Much of the internet wrestling community is scratching its collective head this morning over how WWE booked last night, September 15th's episode of Raw. And not just the usual "they gave away a clean finish to match we're supposed to pay for on Sunday" or "they did what to Bray Wyatt now?"
Running the go home angle for the Night of Champions main event, John Cena vs. Brock Lesnar's rematch for the WWE World Heavyweight Championship over the first hour and a half of the Raw was specifically designed to counter ESPN's broadcast of the National Football League (NFL) match-up between the Indianapolis Colts and the Philadelphia Eagles. John Cena mentioned as much at the beginning of their running angle, and his stating that the story would peak at "halftime" was intentional. Wrestlezone reports that Vince McMahon and company went so far as to fill 15 - 20 minutes with commercials, promo videos and backstage segments in order to ensure that the champ and "the champ" came face-to-face during the mid-game break over on ESPN.
There's questionable logic to that ploy. On the one hand, you're positioning your big sales pitch for the show that requires a subscription or pay-per-view (PPV) buy at a time when you have the chance for the most eyeballs. On the other, you're telling your North American audience it's okay to tune out until halftime, so go watch Colts/Eagles and come back when they start talking about Adrian Peterson and Ray Rice again. This is a point raised on Twitter by our own Eddie Mac, via a post that allegedly comes from a former WWE employee. It might help sell $9.99 WWE Network subscriptions, but it might not make the folks responsible for advertising sales at USA Network very happy.
According to another report, however, this one from Mike Johnson over at PWInsider, WWE had considered that. Opening the show with Cena and Paul Heyman, and establishing their story as a series of ongoing segments, was specifically to keep eyes on Raw until halftime. In the time since Lesnar's title win at SummerSlam, the Nielson minute-by-minute ratings spike for any segment involving John, Brock and his advocate.
Creative's plan, therefore, was to create the running story to encourage the greatest number of viewers to stick with Raw to see their favorite story, or at least flip back often to check if Heyman or either of the championship combatants were on screen.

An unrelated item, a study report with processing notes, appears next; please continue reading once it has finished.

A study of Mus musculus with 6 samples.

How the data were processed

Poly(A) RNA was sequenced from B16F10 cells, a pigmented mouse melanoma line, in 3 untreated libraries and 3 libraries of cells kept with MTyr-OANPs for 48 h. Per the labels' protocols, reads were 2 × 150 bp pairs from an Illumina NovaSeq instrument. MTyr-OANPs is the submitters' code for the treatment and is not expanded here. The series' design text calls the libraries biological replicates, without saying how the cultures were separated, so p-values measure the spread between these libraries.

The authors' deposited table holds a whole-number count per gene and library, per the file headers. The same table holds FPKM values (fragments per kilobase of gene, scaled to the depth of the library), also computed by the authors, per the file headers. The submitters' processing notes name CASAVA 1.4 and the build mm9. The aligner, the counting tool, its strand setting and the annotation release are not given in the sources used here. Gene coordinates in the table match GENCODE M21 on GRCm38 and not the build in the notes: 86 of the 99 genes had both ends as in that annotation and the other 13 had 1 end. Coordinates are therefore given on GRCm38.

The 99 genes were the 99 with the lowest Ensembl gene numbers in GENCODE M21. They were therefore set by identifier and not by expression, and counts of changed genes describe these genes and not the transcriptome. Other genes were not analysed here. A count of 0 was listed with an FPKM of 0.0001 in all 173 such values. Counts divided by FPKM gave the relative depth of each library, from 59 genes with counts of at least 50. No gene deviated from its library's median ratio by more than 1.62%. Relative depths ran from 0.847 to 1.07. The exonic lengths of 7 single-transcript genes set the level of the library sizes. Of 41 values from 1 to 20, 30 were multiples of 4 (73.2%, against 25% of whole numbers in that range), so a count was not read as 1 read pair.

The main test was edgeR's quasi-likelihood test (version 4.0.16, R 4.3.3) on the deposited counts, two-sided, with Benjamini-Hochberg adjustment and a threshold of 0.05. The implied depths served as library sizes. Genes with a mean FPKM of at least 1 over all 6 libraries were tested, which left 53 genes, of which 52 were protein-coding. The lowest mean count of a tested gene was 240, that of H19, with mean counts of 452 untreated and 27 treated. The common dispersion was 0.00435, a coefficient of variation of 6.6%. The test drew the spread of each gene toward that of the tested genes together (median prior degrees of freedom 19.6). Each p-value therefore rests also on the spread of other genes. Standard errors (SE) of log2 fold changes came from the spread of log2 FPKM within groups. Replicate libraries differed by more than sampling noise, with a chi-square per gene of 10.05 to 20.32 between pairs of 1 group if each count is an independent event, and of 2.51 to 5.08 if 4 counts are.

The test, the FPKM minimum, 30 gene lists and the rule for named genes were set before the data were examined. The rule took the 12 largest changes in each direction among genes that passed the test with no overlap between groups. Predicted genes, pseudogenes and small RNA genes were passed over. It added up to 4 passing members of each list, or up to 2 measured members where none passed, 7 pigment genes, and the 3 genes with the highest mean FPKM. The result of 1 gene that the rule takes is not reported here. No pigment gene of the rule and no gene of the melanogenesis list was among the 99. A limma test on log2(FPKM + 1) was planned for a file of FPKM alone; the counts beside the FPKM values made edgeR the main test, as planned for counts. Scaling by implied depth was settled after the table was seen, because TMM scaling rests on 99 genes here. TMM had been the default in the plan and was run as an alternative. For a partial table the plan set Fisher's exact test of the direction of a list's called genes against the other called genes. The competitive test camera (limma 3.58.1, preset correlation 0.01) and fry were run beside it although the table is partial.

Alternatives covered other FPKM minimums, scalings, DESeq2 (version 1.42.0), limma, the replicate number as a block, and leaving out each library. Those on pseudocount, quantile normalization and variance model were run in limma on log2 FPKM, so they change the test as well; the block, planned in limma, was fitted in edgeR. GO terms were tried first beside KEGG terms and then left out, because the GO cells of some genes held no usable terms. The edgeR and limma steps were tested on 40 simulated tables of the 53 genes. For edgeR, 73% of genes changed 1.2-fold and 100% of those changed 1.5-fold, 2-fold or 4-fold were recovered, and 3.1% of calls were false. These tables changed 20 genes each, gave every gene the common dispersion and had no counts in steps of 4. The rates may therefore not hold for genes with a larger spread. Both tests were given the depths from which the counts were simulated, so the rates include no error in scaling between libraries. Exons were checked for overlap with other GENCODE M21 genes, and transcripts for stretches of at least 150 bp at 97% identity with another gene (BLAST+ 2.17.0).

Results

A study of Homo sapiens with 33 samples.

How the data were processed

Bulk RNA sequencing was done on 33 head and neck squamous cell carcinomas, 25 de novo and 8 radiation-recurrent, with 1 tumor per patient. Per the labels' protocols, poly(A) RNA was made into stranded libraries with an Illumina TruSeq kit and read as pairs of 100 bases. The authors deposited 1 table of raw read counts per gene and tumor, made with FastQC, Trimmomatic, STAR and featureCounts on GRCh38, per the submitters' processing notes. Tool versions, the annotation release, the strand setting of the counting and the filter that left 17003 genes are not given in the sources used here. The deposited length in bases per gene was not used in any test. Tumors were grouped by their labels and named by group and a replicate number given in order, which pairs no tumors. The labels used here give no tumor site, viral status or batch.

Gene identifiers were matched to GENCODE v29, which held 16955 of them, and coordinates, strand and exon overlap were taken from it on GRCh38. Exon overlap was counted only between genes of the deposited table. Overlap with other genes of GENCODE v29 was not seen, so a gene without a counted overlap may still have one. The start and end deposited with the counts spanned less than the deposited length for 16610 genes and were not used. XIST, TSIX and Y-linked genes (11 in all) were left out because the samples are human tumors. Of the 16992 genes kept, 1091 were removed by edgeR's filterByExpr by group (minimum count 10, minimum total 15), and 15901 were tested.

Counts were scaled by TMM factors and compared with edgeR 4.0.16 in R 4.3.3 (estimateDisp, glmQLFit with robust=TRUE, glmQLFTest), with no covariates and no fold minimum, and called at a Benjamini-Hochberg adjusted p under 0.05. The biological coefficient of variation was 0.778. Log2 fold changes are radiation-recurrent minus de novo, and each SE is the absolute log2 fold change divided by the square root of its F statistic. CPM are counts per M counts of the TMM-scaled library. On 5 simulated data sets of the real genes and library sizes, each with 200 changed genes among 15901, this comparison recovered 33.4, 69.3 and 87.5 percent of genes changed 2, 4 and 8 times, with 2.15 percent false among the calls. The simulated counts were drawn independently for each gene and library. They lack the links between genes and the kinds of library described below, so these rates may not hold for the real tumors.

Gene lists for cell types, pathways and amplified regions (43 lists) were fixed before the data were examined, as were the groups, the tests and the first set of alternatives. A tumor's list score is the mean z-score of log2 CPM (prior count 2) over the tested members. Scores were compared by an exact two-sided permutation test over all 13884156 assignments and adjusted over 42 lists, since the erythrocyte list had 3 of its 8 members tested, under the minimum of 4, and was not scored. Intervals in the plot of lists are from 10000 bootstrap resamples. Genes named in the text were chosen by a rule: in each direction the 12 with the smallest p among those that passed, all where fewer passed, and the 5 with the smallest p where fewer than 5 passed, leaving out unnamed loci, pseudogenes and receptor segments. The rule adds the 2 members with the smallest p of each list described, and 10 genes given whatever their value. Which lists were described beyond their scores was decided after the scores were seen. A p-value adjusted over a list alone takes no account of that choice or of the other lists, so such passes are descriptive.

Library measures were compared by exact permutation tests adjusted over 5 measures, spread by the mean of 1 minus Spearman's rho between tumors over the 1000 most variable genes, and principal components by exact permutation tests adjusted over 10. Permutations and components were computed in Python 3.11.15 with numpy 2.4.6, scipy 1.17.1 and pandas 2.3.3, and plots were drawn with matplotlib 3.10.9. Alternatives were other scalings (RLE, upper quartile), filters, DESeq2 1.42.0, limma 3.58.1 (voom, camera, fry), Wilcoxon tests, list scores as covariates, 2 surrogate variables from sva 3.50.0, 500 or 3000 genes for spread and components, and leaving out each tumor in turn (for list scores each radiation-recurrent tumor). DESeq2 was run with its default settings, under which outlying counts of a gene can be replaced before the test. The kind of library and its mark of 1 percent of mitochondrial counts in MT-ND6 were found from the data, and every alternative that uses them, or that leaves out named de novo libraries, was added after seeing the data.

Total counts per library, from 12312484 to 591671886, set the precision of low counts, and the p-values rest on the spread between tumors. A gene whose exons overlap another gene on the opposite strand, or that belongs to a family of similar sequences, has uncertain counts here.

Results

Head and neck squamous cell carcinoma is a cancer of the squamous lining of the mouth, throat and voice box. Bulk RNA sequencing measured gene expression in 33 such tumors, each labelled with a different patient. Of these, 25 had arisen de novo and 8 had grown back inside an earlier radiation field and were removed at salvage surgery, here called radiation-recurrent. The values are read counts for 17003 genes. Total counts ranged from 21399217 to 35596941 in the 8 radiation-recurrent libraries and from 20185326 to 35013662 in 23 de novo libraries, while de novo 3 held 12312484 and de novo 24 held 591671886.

Once the decision was made to structure the show in that way, it was subsequently decided that the end of Raw could be given over to other angles that will be featured on this Sunday, September 21st's PPV, Night of Champions - specifically the Shield break-up feud between Roman Reigns and Seth Rollins as the main event match and the patriotism-themed Rusev vs. Mark Henry as the closing segment.
It's an interesting strategy. Personally, I'm not sure I agree with it, but I am encouraged that the powers-that-be are making some data-driven decisions to fight King Football, and I'm especially excited that a by-product of that is some upper mid-card workers and stories getting a chance in the spotlight.
Myself, I would have booked Dolph Ziggler and The Miz's Intercontinental title feud or the program featuring Sheamus and Cesaro fighting over the United States title in those slots rather than giving Reigns a win over Rollins on "free" TV or anything involving Mark Henry standing tall, but hey, at least most of the folks booked for the last half hour-plus of Raw were newer names.
Now, if someone could give me a semi-logical explanation for the handling of The Wyatts...
What do you think of WWE's booking philosophy for maximizing the NoC 'go home' show against a hot football game, Cagesiders?